Saturday, 21 October 2017

The Common Market for Eastern and Southern Africa (COMESA) Council of Ministers has appreciated the progress made so far in the negotiating process that include finalising the outstanding work in Phase 1 of the Tripartite Free Trade Area Agreement (TFTA). His Majesty King Mswati III signed the TFTA agreement on June 15, 2015, five days after the official launch by heads of state and government in Sharm El Sheikh Egypt on June 10, 2015. In its 35th meeting held in Lusaka, Zambia in December 2015, the council appreciated the progress made in the negotiations process which included finalising the outstanding work in Phase I relating to rules of origin, elimination of import duties and trade remedies.

Thursday, 21 January 2016

The year 2015 was quite eventful for China-Africa diplomacy. Several high-level officials from both sides visited in each direction; the African Union (AU) and China signed a memorandum of understanding; China concluded an agreement to build a base in Djibouti; and China signed a host of bilateral agreements with African countries. The capstone of the year’s diplomatic efforts was Forum on China-Africa Cooperation (FOCAC), hosted in Johannesburg on Dec. 4-5 and gathering delegations from 50 African countries, the African Union, and of course China. What did we learn about China-Africa relations from this meeting? FOCAC’s launch was a collaboration among China and several African delegations to convene a triennial meeting that would chart out cooperation projects and discuss China-Africa relations multilaterally.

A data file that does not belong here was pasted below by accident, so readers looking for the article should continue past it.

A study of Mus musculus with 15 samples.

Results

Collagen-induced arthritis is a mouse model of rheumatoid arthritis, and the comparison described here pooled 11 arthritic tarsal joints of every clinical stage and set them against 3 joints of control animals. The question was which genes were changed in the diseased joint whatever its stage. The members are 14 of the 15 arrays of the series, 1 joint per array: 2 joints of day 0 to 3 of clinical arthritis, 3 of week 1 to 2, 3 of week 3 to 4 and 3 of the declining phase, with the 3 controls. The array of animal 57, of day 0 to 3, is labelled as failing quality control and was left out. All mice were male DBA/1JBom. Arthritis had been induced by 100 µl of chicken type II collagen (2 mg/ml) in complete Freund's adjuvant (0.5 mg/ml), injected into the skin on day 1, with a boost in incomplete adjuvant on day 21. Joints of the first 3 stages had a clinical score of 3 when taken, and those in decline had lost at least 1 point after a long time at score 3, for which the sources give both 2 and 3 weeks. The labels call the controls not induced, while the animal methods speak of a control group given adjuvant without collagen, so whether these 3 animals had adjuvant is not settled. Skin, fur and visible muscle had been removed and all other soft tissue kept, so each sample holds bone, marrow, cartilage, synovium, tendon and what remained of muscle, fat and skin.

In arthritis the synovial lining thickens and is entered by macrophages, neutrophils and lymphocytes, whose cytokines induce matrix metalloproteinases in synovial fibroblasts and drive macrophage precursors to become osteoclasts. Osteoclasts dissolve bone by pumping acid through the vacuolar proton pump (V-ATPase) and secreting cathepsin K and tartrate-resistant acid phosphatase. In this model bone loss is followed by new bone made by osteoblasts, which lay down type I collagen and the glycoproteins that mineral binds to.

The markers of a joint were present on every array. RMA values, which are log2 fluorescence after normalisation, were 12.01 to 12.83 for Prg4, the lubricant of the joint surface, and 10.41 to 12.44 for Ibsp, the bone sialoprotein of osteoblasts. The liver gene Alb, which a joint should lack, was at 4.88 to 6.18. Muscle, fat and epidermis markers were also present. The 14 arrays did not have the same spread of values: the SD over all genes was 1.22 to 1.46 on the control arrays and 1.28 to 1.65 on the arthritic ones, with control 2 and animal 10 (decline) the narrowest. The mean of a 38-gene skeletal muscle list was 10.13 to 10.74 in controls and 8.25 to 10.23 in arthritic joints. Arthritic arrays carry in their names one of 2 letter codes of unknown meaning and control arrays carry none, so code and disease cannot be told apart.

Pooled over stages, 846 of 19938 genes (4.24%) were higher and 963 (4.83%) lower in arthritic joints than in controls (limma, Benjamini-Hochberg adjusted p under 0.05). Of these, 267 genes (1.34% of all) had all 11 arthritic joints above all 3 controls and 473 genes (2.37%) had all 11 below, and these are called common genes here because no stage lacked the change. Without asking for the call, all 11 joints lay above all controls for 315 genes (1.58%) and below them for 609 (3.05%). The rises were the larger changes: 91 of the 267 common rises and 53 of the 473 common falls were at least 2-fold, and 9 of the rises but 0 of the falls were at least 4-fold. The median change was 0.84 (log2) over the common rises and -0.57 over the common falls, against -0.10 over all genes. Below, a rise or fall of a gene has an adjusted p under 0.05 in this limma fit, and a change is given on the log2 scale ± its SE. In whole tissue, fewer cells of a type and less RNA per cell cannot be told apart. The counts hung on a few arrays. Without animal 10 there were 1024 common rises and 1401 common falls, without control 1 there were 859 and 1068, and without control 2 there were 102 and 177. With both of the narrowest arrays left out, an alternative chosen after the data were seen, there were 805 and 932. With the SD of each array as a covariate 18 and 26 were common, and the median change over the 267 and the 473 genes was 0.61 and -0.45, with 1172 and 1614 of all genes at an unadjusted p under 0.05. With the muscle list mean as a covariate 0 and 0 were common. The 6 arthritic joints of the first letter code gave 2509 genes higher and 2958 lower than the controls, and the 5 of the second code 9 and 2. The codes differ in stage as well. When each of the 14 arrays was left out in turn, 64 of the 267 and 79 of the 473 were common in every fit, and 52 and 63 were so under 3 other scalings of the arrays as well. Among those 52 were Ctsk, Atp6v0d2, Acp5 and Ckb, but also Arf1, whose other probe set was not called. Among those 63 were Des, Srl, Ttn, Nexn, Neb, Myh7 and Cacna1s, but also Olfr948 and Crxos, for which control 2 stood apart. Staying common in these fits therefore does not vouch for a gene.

The Chinese government, through the ambassador to Uganda, Zhao Yali will put aside sh60b towards projects aimed at commercializing agriculture The Government of the people's Republic of China has pledged to support organized business groups especially those in agriculture. The Chinese government, through the ambassador to Uganda, Zhao Yali will put aside sh60b towards projects aimed at commercializing agriculture. Yali said, "My government is committed to working closely with Uganda because the country is endowed with enough land to spur agriculture. Right now, agricultural groups should be better organized and work in solidarity to grow the sector.

As the proverb says, bread is the staff of life, the southern African country Mozambique knows it well. Four years ago, Rudy Manuel, a Mozambican youth, could not imagine that his father's farm, located in Xai-Xai district in Mozambique's southern province of Gaza, can reach a yield of up to 4,8 tonnes of grain per hectare. Before cooperating with China WanBao Co., Ltd. in 2011, Manuel's 42-hectare farm only had the capacity of producing an average of 1,5 tonnes of grain per hectare. It is not an exception in Mozambique, which possesses large alluvial plains as arable land, but is still plagued by a food deficit of nearly 300 000 tonnes of grain, constrained by its primitive farming techniques.

The year 2015 was an eventful one in Zimbabwe's agricultural sector. The resuscitation of irrigation schemes countrywide under the $38 million Brazil More Food for Africa Programme, revival of the Agricultural Rural Development Authority estates and settlement of the outstanding payments by the Grain Marketing Board characterised the 2015 agricultural year. However, farmers continued to face challenges such as drought, high inputs costs, lack of affordable funding and foot and mouth disease outbreaks which are threatening the sector. Farmers also complained of the imported agricultural produce that flooded the local market as they failed to secure viable markets.